Filipino painters

What we know so far: The case of Bree Jonson

Jairo Bolledo
What we know so far: The case of Bree Jonson

LIFE LOST. Artist Bree Jonson found dead in a La Union resort on September 18, 2021.

Bree Jonson's Instagram account

Rappler collected the important updates on Jonson’s case. Here’s what we know so far.

The art world was shocked by the news that Bree Jonson, a young and talented painter, had passed away. 

On September 18, the police said authorities found the lifeless body of Jonson in a La Union resort. Her companion and boyfriend Julian Ongpin said it was a case of suicide. 

However, after a few hours, Ongpin was arrested after the police seized illegal drugs inside their room. Jonson’s partner also tested positive for drugs. 

Rappler collected some of the important updates on her case. Here’s what we know so far:

Who was Bree Jonson

Jonson was a 30-year-old contemporary artist known locally and abroad. In her own words, her arts are rooted in her belief “the personal is political.”

Her art mainly focuses on images of flora and fauna (plants and animals) to emphasize on the “divide that displaces them as Other, different from humans, and lower in importance and hierarchy.”

Must Read

Bree Jonson, remembered

Bree Jonson, remembered

Jonson also had exhibits here and abroad. This included the 2021 ZZYZYK held in Manila and 2017 Writhing held in Kuala Lumpur, Malaysia. She finished a degree in industrial engineering at the Ateneo de Davao University. 

She also enrolled at the University of the Philippines College of Fine Arts but dropped out after a semester. Unfortunately, her life was cut short.

What happened

Based on the police reports, Jonson’s body was found at the Flotsam Jetsam Resort in San Juan, La Union. The Ilocos Region police filed drug-related complaints against Ongpin after illegal drugs were seized inside their room and he tested positive for substance use.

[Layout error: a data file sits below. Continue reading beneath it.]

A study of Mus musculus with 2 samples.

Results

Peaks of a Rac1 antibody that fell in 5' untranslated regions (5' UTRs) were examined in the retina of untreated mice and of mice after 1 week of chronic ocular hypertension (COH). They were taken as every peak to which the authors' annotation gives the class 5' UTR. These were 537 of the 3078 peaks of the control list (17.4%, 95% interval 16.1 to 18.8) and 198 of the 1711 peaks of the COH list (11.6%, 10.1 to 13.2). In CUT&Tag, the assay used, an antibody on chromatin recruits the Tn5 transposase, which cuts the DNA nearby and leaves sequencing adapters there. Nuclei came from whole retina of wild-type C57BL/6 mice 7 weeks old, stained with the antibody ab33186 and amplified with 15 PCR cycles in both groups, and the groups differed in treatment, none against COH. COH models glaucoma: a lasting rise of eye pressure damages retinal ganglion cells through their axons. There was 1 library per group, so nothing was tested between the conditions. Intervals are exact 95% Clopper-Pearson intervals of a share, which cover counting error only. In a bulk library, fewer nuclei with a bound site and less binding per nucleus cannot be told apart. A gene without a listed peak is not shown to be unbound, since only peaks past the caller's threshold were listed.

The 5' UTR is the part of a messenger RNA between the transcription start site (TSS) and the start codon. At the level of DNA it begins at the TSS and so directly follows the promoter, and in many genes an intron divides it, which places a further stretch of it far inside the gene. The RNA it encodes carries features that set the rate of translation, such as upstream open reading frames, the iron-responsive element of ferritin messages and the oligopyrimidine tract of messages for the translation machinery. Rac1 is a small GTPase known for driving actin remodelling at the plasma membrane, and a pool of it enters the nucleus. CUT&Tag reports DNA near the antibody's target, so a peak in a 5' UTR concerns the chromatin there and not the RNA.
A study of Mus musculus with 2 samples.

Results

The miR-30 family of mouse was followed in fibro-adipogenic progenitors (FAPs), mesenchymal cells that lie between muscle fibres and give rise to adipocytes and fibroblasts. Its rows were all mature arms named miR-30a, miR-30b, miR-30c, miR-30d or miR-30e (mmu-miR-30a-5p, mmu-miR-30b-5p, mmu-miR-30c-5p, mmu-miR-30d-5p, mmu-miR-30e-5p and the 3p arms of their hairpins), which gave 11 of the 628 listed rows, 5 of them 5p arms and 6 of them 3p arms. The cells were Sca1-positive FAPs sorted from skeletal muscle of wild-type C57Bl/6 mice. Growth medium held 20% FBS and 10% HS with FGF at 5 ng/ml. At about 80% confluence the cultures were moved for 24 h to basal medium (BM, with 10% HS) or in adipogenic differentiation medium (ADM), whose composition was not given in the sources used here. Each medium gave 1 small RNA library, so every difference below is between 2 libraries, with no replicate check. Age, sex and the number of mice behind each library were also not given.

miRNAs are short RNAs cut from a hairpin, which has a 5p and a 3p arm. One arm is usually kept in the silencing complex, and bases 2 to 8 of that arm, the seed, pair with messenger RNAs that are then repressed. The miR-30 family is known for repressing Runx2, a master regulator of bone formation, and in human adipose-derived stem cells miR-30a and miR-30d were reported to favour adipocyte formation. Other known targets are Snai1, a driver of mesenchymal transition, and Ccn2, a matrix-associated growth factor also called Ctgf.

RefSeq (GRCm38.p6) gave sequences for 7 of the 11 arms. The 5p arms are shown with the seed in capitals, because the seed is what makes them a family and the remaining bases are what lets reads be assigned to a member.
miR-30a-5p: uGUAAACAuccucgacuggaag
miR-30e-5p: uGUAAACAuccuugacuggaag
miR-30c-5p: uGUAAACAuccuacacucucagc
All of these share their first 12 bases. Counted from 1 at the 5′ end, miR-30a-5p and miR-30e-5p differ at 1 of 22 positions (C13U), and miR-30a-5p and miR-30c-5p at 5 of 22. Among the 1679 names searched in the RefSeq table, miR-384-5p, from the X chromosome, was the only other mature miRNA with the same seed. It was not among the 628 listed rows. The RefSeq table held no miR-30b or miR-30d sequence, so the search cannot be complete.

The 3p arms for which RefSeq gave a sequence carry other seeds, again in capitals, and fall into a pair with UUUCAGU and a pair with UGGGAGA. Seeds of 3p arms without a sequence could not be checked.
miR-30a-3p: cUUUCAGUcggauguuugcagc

Ongpin is the son of prominent businessman and former Trade Secretary Roberto Ongpin. 

The police seized around 12.6 grams of cocaine inside their room. The illegal drugs were identified by the local crime laboratory, according to the Philippine National Police (PNP). 

Must Read

DOJ puts Julian Ongpin in immigration lookout list

PNP chief General Guillermo Eleazar confirmed that the La Union Prosecutor’s Office decided to temporarily release Ongpin pending investigation. On September 21, the Department of Justice (DOJ) put Ongpin on the immigration lookout list following the decision to release him. 

According to Justice Secretary Menardo Guevarra, the immigration lookout was a request of Jonson’s mother. However, an Immigration Lookout Bulletin Order (ILBO) cannot prevent anyone from flying out of the country because only courts can issue Hold Departure Orders (HDO).

The DOJ said it was considering requesting a precautionary HDO from the court. 

Jonson’s family questioned the decision to release Ongpin. They said they were surprised because the complaints against him were supposedly non-bailable.

Struggles and delays

In an interview with Rappler, Jonson’s kin said they had a hard time processing the legal requirements following Bree’s death.

Jonson’s family arrived in San Juan town on September 19, day after Bree’s body was found. They said they could not find a lawyer who would represent them.

Sally, Jonson’s mom, was in Canada when she learned about her daughter’s death. She immediately flew back to the Philippines to see her daughter for the last time.

Must Read

Jonson kin keep faith in PH justice system despite early Ongpin release

Jonson kin keep faith in PH justice system despite early Ongpin release

The autopsy on Jonson’s body was supposed to be conducted on September 19 but the doctor was not available that day, according to Jonson’s family. The autopsy was delayed again on September 20 because her body had to be moved to a chapel in San Fernando City.

On Wednesday, September 22, the PNP announced that the Ilocos Region police crime laboratory already performed an autopsy. Based on the PNP’s report, the autopsy started at 6:51 am on September 20 and ended at 10 am the following day.

According to Eleazar, Jonson’s family initially wanted the National Bureau of Investigation (NBI) to handle the investigation and autopsy but later agreed to have the PNP perform the autopsy. The PNP chief added that the PNP and NBI are now conducting a joint investigation into the case.

As of Wednesday, the cause of Jonson’s death has yet to be determined pending the result of autopsy. –

Jairo Bolledo

Jairo Bolledo is a multimedia reporter at Rappler covering the police, crime, military, and security.